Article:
The Power of ‘No’

I prefer working in young companies.  Companies where everyone has a vested interest in making the company succeed and one where people go the extra mile to ensure the company is on the right track.

This type of environment comes with challenges that you have to recognize.  Inherently, any given individual will cross their own role’s traditional boundaries and work in areas that are either in someone else’s area (not for the bad, but because it’s necessary, often with that person’s gratitude) or in an area that has yet to get some resources devoted to it.

What does this mean?  Well, it means you get a lot on your plate.  You’ll often get pulled in so many directions that it’s just too demanding to deliver on everything all at the same time.  People often deal with this issue very well with some strong prioritization and intense focus.

But, that doesn’t mean you don’t get interrupted and it doesn’t mean that something, internal or external, happens to completely disrupt your previous prioritization.

I recently read an HBS blog post entitled “The Magic of Doing One Thing at a Time“.  I couldn’t agree more with this article…focus helps you achieve what you need to be doing.  Distractions…well they prevent you from doing what you need to do.  So how do you get to do one thing at a time?

I’ve found that saying ‘no’ really helps me keep your focus on your tasks.  Sure you’ve got a lot to do, but you should also have a good understanding of what’s important on that list and what isn’t so important.  Now you’re thinking…”Everything’s important! I can’t let something drop!”  True!  But you also need to actually complete something!  Focusing on one thing at a time doesn’t imply dropping something.  It just means that when you work on one thing, devote yourself to it and don’t get side-tracked by the next thing you need to work on.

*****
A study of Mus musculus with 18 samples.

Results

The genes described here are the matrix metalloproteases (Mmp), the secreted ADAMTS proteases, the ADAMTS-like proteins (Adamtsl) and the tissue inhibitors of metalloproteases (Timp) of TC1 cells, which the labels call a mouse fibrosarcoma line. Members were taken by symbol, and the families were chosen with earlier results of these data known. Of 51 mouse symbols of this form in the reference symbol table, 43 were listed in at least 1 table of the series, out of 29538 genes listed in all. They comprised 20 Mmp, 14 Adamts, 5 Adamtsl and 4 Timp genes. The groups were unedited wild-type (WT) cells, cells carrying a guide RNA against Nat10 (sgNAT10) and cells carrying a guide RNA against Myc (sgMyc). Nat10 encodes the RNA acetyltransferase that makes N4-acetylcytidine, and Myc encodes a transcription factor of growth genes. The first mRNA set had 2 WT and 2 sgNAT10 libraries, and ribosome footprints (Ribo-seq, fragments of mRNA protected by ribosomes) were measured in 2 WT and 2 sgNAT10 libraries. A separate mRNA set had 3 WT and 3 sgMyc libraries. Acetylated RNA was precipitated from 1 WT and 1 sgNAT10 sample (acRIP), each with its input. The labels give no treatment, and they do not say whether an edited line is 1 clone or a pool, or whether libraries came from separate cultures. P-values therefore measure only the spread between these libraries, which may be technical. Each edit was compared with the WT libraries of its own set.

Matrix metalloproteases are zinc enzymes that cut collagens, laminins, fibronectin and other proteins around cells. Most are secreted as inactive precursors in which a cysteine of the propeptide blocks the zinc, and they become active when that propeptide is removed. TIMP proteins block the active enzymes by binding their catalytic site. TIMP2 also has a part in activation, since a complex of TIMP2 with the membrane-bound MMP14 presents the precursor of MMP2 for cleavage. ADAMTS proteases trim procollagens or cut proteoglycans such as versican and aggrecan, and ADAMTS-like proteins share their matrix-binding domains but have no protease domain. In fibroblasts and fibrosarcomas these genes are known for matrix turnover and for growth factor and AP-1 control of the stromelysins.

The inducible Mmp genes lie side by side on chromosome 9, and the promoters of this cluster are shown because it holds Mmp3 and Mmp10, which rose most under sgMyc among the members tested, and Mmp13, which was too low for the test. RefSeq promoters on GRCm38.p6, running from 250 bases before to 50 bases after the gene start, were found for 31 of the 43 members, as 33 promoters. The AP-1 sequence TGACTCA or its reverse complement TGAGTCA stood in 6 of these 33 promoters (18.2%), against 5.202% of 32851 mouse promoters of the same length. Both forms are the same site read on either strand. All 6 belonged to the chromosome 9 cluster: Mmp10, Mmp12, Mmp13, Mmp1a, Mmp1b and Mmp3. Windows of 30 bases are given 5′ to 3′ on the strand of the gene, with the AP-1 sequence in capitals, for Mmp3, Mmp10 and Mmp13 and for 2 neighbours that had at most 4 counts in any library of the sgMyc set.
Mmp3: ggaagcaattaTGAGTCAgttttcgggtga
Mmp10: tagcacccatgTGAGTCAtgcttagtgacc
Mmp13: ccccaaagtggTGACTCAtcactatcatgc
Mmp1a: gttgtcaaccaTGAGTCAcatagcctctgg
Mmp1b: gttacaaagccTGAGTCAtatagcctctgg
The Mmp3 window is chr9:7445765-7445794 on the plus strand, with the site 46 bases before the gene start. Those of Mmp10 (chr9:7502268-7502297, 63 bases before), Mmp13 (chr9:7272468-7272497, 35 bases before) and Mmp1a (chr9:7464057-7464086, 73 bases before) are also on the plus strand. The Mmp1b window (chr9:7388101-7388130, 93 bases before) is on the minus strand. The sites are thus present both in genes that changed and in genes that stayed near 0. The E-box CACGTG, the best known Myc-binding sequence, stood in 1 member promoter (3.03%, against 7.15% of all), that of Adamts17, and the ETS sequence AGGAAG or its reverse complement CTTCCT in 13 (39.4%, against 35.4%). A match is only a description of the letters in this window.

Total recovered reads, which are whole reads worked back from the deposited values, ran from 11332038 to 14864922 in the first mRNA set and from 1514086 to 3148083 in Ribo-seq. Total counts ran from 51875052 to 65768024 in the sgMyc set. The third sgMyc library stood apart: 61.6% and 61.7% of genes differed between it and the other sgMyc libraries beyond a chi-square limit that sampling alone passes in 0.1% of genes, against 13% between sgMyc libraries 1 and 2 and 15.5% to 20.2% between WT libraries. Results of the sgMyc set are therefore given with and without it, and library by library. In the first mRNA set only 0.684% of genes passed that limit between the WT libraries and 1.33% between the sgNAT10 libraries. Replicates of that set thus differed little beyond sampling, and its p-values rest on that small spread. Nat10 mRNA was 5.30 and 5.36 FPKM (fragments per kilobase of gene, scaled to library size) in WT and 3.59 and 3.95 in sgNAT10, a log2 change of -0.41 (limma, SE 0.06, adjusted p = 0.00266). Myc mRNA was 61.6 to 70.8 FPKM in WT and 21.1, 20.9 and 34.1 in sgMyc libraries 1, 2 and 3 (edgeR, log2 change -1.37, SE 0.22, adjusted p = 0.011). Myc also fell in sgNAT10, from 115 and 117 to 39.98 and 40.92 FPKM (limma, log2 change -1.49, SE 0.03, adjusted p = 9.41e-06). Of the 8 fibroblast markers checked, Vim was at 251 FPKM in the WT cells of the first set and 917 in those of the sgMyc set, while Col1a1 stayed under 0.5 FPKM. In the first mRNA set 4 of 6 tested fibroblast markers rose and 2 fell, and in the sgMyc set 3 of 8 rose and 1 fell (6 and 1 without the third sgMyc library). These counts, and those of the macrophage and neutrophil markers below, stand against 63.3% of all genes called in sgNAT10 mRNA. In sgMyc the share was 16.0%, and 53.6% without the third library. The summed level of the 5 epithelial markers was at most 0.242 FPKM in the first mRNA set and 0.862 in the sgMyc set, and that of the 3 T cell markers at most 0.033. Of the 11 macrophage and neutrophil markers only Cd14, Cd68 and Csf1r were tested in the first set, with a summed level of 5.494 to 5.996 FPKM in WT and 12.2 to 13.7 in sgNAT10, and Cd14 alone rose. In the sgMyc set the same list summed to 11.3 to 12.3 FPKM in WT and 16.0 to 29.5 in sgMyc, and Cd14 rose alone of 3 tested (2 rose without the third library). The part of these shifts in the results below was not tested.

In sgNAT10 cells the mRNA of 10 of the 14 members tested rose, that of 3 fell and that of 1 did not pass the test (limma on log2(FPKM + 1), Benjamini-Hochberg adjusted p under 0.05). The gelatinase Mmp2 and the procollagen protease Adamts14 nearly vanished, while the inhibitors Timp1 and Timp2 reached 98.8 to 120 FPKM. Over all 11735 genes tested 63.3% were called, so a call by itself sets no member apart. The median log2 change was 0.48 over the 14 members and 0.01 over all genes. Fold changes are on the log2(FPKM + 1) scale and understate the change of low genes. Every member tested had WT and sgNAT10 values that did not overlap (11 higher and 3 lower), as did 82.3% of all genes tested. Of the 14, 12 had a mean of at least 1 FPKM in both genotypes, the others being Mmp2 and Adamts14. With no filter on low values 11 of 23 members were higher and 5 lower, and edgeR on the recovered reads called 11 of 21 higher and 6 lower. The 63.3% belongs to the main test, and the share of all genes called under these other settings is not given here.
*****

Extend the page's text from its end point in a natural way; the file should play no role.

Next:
When I refer to saying ‘no’, I’m using it in a different way than you’re thinking.  I’m not saying “No, I can’t do that now and forever”.  What I am saying is:

  • Someone walks by my desk: I’m sorry, I can’t talk to you right now because I’m buried.  Come back later or send me an email.
  • Someone walks by my desk (and just starts talking): Please hold on, give me 30 seconds to finish what I’m currently working on.  Have a seat.
  • Someone tells me they need something from me tomorrow morning first thing at 4pm: No, I can’t deliver it by then.  Let’s push that meeting to next week and I’ll give it to you by then.  If that’s not going to work, an alternative would be to ask Person X to help you.  Or, I can spend 5 minutes with you in about 20 minutes to verbally give you what you need.
  • Someone says we need to do 15 things in the next 3 months: Great, we’ll get to as much of that as we can, but we’re going to focus on 2-3 things each month with the hope that we’ll get to more than 6-9 things by 3 months.  We will start with the most important stuff first though.

Many people who are attracted to young companies are pleasers, ones that want to do everything all the time and enable the company to succeed at all costs.  However, you can’t keep accumulating things to do forever.  At some point, you’ve got to start delivering and saying ‘no’ can help get you closer to doing that.